Published on July 9th, 2014 | by Nicole Jekich2
Fight the Darkness
A Review of Hunters: Battle Of Arkady
In Hunters: Battle of Arkady, humans with supernatural powers take up the responsibility to defend their city from being consumed by darkness and controlled by evil monsters. In typical adventure fashion, each player chooses a hero- each with a unique ability to help them in combat or offer utility. Fans of the supernatural genre are sure to enjoy this game!
Arkady is the first game from Roan Arts and I was lucky enough to win the game through their online contest! The game is supplied by Game Crafter (a game designer’s best friend) which means the box, cards and pieces are generic materials with few custom options besides the card art. Game Crafter helps indie designers get their games published and in the hands of gamers at a very affordable price. The box is thin and bends easily but the hard foam and cardboard inserts make sure the box won’t cave in.
The card art features a wealth of various supernatural monster cameos including corrupted angels, sea monsters with a Black Lagoon vibe, sirens, cultists, ghosts and many more. Each monster has a unique ability in addition to their attack which make them more than just a road block for the team. The hunters featured are your typical party spread: the psychic with a shotgun, the ex-military gun-lover, the aloof mage, the reckless cowboy, the ninja teenager and religious vampire hunter. Each hunter is unique, with an asymmetrical power focused on team gameplay. These added powers are the strengths of other cooperative adventure games and dungeon crawls.
There isn’t a board per se in Hunters, as the playing area is determined by the players during set up. This game has much replayability as players get to choose how the map is laid out which is the most unique and arguably the most fun feature of this game.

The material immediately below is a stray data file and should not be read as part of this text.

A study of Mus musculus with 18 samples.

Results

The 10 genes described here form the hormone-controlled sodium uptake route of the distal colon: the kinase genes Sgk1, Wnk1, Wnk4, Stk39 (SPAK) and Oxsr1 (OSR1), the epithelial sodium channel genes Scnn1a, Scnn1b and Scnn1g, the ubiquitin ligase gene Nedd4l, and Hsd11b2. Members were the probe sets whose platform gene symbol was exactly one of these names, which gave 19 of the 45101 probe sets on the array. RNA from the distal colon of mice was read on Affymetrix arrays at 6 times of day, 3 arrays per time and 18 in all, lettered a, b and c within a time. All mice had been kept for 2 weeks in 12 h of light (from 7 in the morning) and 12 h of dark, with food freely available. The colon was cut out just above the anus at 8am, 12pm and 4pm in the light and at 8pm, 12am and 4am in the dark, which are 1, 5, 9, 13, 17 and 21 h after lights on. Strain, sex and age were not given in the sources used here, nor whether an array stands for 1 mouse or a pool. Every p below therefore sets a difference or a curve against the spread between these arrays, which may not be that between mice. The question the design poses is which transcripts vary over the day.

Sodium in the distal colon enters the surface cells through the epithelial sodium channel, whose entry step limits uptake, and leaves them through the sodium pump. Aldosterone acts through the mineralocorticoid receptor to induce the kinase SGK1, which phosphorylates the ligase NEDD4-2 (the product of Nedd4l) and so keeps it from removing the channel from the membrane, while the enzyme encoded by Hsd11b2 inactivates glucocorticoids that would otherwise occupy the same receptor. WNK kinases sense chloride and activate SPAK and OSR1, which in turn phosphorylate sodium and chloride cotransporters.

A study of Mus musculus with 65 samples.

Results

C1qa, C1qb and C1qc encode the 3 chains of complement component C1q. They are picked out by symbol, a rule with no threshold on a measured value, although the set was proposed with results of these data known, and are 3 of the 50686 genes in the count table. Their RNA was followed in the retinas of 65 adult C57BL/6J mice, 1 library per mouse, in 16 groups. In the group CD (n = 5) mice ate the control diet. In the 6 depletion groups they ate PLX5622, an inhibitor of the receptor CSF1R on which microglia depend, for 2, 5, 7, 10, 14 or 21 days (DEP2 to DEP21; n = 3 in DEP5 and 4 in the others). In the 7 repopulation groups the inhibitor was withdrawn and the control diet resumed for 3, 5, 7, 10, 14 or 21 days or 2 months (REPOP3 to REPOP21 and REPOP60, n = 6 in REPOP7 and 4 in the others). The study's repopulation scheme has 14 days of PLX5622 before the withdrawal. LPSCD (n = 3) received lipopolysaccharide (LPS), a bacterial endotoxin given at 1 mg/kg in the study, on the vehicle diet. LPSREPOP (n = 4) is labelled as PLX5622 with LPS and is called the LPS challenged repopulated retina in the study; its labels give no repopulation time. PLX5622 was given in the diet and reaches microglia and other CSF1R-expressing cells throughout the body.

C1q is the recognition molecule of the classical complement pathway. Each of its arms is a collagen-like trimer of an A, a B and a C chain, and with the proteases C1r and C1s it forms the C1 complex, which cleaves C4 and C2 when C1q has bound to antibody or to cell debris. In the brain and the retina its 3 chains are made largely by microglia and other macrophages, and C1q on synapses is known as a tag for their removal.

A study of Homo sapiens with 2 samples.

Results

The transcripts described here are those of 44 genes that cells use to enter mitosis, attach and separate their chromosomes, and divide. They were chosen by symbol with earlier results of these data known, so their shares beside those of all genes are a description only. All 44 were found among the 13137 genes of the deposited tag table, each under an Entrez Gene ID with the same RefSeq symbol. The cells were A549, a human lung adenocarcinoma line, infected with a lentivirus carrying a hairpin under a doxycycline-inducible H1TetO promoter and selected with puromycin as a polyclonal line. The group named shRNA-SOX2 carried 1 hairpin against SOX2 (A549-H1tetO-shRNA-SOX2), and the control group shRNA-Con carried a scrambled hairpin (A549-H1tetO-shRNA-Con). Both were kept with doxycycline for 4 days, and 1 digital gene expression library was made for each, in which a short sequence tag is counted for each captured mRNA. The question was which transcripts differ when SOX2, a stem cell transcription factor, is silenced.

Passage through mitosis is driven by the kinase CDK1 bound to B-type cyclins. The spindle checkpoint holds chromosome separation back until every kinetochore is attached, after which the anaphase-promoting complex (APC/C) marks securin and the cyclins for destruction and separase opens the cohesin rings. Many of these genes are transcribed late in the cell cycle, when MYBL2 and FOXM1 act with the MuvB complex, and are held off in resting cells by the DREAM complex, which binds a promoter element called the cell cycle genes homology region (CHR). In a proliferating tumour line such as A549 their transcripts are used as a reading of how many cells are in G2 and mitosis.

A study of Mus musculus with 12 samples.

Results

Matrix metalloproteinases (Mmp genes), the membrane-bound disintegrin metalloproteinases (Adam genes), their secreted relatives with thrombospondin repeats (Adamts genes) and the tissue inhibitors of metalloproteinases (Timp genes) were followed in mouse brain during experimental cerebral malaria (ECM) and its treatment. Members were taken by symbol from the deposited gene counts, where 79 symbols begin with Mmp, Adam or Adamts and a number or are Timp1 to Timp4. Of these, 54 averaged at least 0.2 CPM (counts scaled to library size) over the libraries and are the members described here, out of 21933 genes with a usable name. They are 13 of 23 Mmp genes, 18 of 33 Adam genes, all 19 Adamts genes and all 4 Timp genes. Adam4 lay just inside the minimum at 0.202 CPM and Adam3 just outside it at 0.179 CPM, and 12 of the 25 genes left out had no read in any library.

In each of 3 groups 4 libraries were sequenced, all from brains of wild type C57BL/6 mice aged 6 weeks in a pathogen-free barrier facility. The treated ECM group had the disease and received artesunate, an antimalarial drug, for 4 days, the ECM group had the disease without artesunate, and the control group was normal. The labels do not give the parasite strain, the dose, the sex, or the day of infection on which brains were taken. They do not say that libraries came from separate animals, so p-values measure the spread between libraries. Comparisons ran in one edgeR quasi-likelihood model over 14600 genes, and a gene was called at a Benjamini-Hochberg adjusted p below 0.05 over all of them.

Arkardy begins in a very different way than most adventure games. Location cards are randomly dealt out to all participating players. One at a time, players place a location card down making sure the streets meet and form the board that the players will be using. The placement of key locations will link up portals, reveal the Lazarus stones essential for coming back from death, and show players where they can pick up new abilities to help them in the fight. This set up leads to much spontaneous story telling like why the high school is next to the landfill or what is so important in the apple orchard to warrant a sheriff’s office nearby. Unfortunately, most of these locations exist to be consumed by darkness.
Each player begins at the same location and the boss, Avenastar, begins the game in a randomly picked location hopefully far away from the hunters. In a team-decided turn order, players can move their speed (mostly 1) and will encounter a monster. Players can choose to engage or conceal themselves from the monster for added bonuses or tactics. Certain rules apply for attacking the monsters attacking their fellow team members.
Encountering monsters is an unavoidable task as you gain one after each movement. Moving around the board is key to pick up extra items in the form of spells and Lazarus stones, but exploring the board will be limited as Avenastar will always move to the closest hunter and in our experience can easily cutoff the heroes from reaching the other end of the board.
Avenastar is the monster players must take down to win the game. He is a difficult opponent as his high-level abilities and large stack of hit points make him a foe that requires most of the party to engage in combat. At turn one, parts of the board begin to disappear into the darkness meaning there is less places to explore and forces players into the final battle.
Arkady is a well-balanced game and the gameplay and roles of team members are straightforward. The theme and characters are generic but fit the theme the designers are presenting. The characters and enemies are well balanced to provide just enough difficulty. Even the big bad monster Avenastur was just challenging enough and in the final showdown a couple of us even died in the process before we found victory.
The overall experience however felt dull. There were many expectations that weren’t met and actions that I wanted to do but couldn’t. We had a big board laid in front of us to explore but I didn’t go to more than 6 locations the entire game. My fellow gamers were mostly in the same boat- getting to the other side of the board was impossible and detrimental to the team combat. There was a hefty stack of special gifts, rituals and spells that I wanted but getting more than 1 or 2 wasn’t going to happen. There were a lot of options to make Hunters engaging and unique but the basic gameplay shut down those options in trade for balance.
There is potential for Hunters to be a more unique cooperative adventure experience. The player-built board and opportunities to explore need to be more accessible to provide more interest. After those changes, Hunters: Battle of Arkardy could contend with well known adventure games like Flying Frog’s A Touch of Evil or Guillotine Games’ popular Zombicide.
To learn more about Roan Arts and their board games, please visit their official website.